Groom Duties

What You Must Know About “National Marriage Week” (Yes, That Exists)

Did you hear? February 7th kicks off “National Marriage Week.” Outstanding. We can’t wait for Human Week, Man Week, College Graduates Week, and People Who Drink Water Week.

So what does this week entail, exactly? Let’s consult the experts.

According to the National Marriage Week official website, this blessed timeframe “is a collaborative effort to encourage many diverse groups to strengthen individual marriages, reduce the divorce rate, and build a stronger marriage culture, which in turn helps curtail poverty and benefits children.”

Right. To clarify, and to cut down on some of the hate mail: we’re not anti-marriage. We’re also not anti-human, anti-man, and anti-people-who-drink-water. We are, however, lactose intolerant. And this is heavy on the cheddar.

But maybe we’re being unfair?

Let’s investigate. On their site, they have this adorable list of reasons of why you should get married. Now, it’s not that these are wrong, per se, just… well, you’ll get the idea.

Their thoughts, then ours:

Marriage Week: Being unmarried can actually be a greater risk to one’s life than having heart disease or cancer. For example, having heart disease shortens the average man’s life span by slightly less than six years. But being unmarried chops almost ten years off a man’s life.

The Plunge: One word: romantic. In fact, we urge Plunge readers to incorporate this into your proposal. It’s easy. Seamless. Go with something like, “Becky, I want you to help me live a longer life. You, Becky, are 80% better for me than not having heart disease or cancer. Therefore, will you marry me?”

Marriage Week: Women also reduce their drinking, smoking and drug use upon marriage.

The Plunge: Reduces sex, too.

Marriage Week: A recent study of outcomes for hospitalized patients found that married surgical patients are far less likely to die in the hospital than singles.

The Plunge: Sold! I’ll admit I was skeptical. This whole “marriage” thing was a little unsettling, and I needed some persuasive arguments. The others were only so-so. But after hearing this? Done and done. When you propose to Becky, make sure that you also sprinkle in–on your knees, of course, and looking her straight in the eye, “Becky, if I am ever a surgical patient, your betrothal increases my odds of survival. Marry me.”

Marriage Week: Marriage Leads To Greater Wealth

The Plunge: So does selling crack. Is that a reason to hit the corners?

Marriage Week: Married men really do settle down, while men who aren’t married voluntarily behave in ways that endanger their own life and health. Take alcohol abuse, for example. Single men drink almost twice as much as married men of the same age.

The Plunge: May we paraphrase? “Hey Gents, are  you looking to become a boring, melba-toast, watered-down version of your former self? This is your ticket!”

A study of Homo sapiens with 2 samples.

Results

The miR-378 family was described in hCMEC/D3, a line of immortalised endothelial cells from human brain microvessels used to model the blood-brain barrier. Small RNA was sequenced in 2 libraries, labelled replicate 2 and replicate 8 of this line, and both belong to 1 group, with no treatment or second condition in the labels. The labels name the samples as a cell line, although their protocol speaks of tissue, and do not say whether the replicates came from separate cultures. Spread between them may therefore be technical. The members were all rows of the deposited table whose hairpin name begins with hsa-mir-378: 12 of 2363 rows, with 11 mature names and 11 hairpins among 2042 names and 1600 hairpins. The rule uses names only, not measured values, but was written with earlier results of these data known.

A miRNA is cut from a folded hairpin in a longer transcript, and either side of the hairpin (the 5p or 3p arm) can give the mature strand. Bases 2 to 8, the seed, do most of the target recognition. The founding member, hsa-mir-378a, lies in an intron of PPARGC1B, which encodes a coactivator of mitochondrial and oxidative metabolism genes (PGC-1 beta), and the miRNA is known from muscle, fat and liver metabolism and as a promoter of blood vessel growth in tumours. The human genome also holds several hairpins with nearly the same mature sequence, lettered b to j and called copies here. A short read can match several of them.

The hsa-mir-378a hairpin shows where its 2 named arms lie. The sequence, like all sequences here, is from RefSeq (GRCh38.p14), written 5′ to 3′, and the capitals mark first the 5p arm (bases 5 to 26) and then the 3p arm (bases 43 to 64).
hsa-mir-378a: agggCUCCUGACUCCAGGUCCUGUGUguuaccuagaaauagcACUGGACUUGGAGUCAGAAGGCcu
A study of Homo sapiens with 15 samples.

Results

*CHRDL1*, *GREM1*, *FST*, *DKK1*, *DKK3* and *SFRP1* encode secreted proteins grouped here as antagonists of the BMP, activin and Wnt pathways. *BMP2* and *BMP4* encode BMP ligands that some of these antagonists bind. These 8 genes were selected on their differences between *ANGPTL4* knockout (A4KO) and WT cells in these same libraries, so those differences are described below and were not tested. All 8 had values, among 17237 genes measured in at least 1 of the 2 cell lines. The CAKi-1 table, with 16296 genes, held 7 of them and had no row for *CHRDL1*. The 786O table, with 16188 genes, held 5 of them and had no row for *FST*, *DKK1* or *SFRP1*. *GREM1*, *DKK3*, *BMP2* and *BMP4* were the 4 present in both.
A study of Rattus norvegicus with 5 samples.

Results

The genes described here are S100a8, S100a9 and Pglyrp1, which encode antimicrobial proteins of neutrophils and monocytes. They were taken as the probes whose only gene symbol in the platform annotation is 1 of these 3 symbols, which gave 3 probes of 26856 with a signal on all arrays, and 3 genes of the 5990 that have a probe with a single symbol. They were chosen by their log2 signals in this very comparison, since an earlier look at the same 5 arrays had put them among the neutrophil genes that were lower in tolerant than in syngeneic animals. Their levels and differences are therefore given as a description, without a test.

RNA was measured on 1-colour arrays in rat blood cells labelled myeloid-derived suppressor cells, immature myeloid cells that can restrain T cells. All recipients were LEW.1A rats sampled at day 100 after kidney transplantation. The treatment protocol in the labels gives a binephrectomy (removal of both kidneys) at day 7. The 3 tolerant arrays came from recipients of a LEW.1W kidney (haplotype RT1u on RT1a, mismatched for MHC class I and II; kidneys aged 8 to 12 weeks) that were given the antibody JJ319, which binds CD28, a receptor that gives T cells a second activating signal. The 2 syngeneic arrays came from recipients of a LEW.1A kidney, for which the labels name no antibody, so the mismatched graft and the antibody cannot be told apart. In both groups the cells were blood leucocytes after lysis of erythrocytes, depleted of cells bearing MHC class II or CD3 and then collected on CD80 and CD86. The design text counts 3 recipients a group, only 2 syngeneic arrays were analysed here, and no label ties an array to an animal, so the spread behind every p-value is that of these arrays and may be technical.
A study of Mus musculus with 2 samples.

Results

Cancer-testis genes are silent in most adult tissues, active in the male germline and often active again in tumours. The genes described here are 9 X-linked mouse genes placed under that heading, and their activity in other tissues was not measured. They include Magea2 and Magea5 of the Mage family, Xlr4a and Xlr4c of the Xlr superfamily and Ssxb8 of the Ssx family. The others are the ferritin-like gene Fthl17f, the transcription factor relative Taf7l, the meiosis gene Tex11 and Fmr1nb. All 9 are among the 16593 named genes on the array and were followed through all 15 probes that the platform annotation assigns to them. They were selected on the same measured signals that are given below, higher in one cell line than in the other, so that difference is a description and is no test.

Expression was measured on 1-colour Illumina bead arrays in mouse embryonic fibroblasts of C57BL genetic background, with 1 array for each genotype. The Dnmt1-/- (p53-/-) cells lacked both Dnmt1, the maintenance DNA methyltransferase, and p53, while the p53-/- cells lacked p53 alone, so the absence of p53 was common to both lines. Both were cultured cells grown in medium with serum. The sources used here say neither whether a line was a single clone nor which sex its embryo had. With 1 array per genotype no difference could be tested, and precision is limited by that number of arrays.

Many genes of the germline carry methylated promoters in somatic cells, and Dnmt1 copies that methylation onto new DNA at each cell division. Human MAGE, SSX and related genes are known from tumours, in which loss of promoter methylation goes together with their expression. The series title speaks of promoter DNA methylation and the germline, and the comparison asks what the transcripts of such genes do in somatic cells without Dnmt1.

Marriage Week: Married people were also about half as likely as singles or cohabitators to say that they are unhappy with their lives…. The divorced were two and a half times more likely, and the widowed were almost three times more likely than spouses to confess they are “not too happy”.

The Plunge: Isn’t there just one little flaw in this argument? Maybe I’m confused on the definition, but isn’t a divorced person someone who used to, um, be married? So, if that’s the case, shouldn’t they make some kind of probability-adjusted happiness score, where they factor in the 50% likelihood of getting a divorce?

Marriage Week: Unmarried (including divorced, widowed, and single) people are far more likely to die from all causes, including coronary heart disease, stroke, pneumonia, many kinds of cancer, cirrhosis of the liver, automobile accidents, murder and suicides.

The Plunge: Tell that to OJ’s wife.

Marriage Week: Married men and women report less depression, less anxiety and lower levels of other types of psychological distress than do those who are singled, divorced or widowed.

The Plunge: Marriage also, apparently, improves the ability to lie.

Marriage Week: Being unmarried is one of the greatest risks that people voluntarily subject themselves to.

The Plunge: Um… really?  There are millions of car accidents every year. But that’s far less dangerous than leaving your house in the morning being unmarried.

Marriage Week:  The act of getting married actually makes people happier and healthier; conversely, getting a divorce reverses these gains…

Maybe I’m just being thickheaded. But help me out here. So, if I’m reading this right… marriage makes people so happy and healthy that they want to file for divorce?

Look. There are lots of good reasons to get married. There are plenty of bad reasons, too. Anyone who needs to be persuaded, however, is clearly not ready for marriage. Yes, marriage is about more than just all the lovey-dovey crap. Finances matter. Shared-values matter.

But there’s something else that matters, too: making decisions like an adult… and not by reading propaganda.